The Holy Ghost Speakeasy and Revival

Written by Terry Roberts
Review by Alice Cochran

Set in rural North Carolina amidst the swing of Prohibition, this story follows the perilous adventures of the passionate traveling preacher Jedidiah Robbins. Robbins may be spreading the Word of God, but that isn’t the only happiness and cheer his mission is spreading. The preacher is a bootlegger, multi-tasking as he saves souls. Throughout the story Robbins faces many challenges, from the KKK to an angry sheriff whose daughter wooed Jedidiah. While the crusade gets up to some trouble, they also find time to make a positive difference. These acts of kindness and charity span from feeding the poor to saving several people in a daring and heroic act. Overall, the preacher certainly gets around and is always up to something which keeps the story moving.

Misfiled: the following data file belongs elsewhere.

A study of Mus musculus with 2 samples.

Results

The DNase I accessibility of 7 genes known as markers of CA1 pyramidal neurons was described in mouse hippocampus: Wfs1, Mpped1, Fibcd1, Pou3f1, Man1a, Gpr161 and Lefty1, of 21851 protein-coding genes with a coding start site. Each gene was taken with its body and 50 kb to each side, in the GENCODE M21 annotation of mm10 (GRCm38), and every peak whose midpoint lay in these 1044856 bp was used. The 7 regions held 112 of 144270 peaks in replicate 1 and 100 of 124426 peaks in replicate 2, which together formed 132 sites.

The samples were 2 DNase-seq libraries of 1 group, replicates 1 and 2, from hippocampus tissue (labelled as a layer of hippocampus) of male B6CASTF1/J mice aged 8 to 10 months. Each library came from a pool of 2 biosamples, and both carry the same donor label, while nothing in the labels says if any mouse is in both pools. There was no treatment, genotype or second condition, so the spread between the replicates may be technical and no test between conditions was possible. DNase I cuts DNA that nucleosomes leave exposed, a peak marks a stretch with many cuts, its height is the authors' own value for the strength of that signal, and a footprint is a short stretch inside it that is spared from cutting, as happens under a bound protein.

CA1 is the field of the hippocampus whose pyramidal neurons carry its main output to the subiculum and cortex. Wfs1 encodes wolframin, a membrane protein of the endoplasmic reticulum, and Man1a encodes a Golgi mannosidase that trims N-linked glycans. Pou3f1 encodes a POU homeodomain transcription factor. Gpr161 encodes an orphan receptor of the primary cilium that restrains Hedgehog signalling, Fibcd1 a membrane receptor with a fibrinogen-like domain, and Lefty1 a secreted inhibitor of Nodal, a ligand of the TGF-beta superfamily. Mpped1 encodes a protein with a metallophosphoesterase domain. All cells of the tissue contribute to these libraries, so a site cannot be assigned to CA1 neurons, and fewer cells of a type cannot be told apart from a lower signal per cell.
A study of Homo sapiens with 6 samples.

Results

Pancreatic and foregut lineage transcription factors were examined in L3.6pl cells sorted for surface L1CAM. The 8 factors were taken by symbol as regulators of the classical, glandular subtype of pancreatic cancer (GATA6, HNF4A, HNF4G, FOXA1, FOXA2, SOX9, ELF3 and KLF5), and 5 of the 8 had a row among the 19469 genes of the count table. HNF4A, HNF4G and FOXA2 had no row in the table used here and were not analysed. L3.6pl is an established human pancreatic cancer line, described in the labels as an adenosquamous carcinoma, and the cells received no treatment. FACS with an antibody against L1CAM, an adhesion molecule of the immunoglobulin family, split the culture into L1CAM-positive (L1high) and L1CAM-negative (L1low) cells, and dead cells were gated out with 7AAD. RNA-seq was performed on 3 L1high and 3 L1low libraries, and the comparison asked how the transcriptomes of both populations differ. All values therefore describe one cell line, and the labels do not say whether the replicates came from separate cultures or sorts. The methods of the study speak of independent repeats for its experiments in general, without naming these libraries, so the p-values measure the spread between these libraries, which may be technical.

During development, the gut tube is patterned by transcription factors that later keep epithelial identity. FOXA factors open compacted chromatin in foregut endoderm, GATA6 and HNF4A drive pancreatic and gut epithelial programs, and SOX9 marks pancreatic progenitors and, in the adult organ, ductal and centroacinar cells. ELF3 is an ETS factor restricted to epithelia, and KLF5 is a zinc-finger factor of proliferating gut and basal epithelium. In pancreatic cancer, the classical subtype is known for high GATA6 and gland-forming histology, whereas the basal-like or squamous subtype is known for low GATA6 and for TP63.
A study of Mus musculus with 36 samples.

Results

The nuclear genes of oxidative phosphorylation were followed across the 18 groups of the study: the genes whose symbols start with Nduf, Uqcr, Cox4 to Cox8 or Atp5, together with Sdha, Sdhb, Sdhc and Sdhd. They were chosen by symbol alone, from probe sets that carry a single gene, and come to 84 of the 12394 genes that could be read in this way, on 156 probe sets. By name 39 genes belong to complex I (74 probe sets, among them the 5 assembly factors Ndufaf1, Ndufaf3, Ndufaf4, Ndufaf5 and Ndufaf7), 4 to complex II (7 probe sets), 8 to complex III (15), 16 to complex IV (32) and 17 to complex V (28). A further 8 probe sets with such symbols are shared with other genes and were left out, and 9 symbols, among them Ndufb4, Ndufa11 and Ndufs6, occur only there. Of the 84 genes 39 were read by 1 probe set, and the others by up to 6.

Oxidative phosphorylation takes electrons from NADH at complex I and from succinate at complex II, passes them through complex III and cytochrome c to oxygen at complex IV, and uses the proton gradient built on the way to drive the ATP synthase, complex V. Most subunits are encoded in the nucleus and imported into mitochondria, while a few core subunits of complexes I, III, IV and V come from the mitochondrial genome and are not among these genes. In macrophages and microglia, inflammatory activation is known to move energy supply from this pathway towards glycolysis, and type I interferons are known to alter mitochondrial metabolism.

While the novel is fast-paced, it is sometimes too rushed. This breakneck speed makes it easy for the reader to fall behind and for smaller, but important, events to fall by the wayside. As a result, births, marriages, and budding romances get lost in the haste to communicate all the wild events. The story has a lot of exciting points, but there may just be too much for the 300 pages.

Jedidiah Robbins is a complex and troubled character, but Roberts’s writing effectively captures the complexities of the man. With trauma in his past, the novel reveals a remarkable transformation of the character. Jedidiah moves from self-serving and scared, to thoughtful and hopeful. In so many books, this character development is rushed and sudden, but in this case, it is one thing that was just the right speed.

Overall, if you’re looking for a book with a story that doesn’t slow, an older man who doesn’t quit, and a plot religiously focused on the main character, then this is the book for you.